South Africa, Namibia collaborate on science and innovation statistics

South Africa’s Human Sciences Research Council’s Centre for Science, Technology and Innovation Indicators (CeSTII) and Namibia’s National Commission on Research Science and Technology (NCRST) concluded an agreement to collaborate on the production of national scientific and innovation statistics.  The formalities were conducted by Dr Glenda Kruss, the Executive Director of CeSTII and Mr Piepmeyer, the Manager: Policies & Council Services at the Commission.

The agreement was signed on Wednesday on the sdidelines of the 2017 annual conference of the Southern African Research and Innovation Management Association (SARIMA) from 22-25 May 2017. This MoU, the Commission said, will advance the ongoing collaboration between the two agencies in the areas of learning exchanges, joint research projects and joint publications.

“Science, technology and innovation indicators enable a country to measure, monitor and evaluate its scientific and innovation capabilities” CeSTII Executive Director Dr Glenda Kruss said at the conference in Windhoek. “These agreements matter because they contribute to solutions to persistent development challenges, among others, water and food security, healthcare and education” she said.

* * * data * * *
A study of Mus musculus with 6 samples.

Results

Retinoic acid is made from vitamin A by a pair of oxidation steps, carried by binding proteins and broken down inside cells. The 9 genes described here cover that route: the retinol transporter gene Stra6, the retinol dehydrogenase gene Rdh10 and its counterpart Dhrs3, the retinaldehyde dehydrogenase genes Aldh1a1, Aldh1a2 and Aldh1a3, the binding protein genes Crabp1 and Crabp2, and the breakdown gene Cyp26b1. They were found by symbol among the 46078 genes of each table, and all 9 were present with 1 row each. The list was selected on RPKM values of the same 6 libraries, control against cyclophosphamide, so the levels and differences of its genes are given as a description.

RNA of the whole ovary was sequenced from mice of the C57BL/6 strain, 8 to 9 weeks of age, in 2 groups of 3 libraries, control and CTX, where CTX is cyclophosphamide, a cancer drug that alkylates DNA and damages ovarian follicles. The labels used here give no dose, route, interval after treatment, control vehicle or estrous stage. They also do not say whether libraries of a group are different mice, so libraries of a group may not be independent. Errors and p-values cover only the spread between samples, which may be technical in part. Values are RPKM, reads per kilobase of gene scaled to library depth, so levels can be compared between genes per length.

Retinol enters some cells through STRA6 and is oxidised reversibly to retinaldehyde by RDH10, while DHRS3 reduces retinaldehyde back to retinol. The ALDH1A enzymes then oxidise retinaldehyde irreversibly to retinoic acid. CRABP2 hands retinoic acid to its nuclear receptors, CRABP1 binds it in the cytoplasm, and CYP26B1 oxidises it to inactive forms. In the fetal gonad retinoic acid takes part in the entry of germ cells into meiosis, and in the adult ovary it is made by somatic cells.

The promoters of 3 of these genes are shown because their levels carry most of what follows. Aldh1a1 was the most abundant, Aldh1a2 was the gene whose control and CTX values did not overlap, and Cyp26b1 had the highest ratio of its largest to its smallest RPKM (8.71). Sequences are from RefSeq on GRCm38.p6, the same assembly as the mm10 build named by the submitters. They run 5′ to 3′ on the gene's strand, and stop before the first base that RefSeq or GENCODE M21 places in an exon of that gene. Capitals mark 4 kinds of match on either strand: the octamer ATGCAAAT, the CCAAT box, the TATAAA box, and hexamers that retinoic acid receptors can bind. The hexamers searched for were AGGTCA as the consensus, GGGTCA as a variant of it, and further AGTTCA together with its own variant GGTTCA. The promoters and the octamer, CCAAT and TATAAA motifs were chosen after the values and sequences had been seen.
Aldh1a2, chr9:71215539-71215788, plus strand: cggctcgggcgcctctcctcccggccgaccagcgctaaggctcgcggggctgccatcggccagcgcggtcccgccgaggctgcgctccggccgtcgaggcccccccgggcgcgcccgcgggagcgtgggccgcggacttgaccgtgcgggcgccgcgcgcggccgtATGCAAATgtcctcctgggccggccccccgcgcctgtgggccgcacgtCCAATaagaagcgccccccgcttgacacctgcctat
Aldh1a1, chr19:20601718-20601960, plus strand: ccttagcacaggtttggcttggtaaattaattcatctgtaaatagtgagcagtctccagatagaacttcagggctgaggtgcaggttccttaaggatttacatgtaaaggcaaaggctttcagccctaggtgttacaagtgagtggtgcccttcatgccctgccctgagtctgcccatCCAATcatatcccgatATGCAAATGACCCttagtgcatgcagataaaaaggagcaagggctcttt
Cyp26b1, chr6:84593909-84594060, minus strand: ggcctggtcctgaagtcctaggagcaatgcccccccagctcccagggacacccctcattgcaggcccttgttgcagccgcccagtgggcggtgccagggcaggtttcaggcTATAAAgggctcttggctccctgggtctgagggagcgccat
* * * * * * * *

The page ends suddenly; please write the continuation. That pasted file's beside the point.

Dr Eino Mvula Eino Mvula, Chief Executive Officer of the Commission welcomed the finalisation of this MoU between the two science agencies saying that “collaborations such as these are crucial to sharing the outcomes of work done in areas of mutual interest which could assist to identify best practice and lessons learnt.”

“When looking at international case studies and analysis of best practice in economic development, we see that innovation plays a significant role in this journey. We are therefore keen to understand what Namibia is doing well in this area and share lessons learnt so that our countries can benefit from our collective experiences,” concluded Dr Kruss.

Partnerships, Dr Emvula said, “can also yield significant outcomes and contribute to how we leapfrog the learning and experience curves in the area of technology transfers, innovation and R&D.”

While in Namibia, the Council’s CeSTII also shared work in progress and disseminated findings from its most recent national surveys, including its R&D Survey 2014/15 and the first national survey on intellectual property and technology transfer.

The results from these surveys were released in April this year and show that despite economic challenges, South African R&D increased in 2014/15.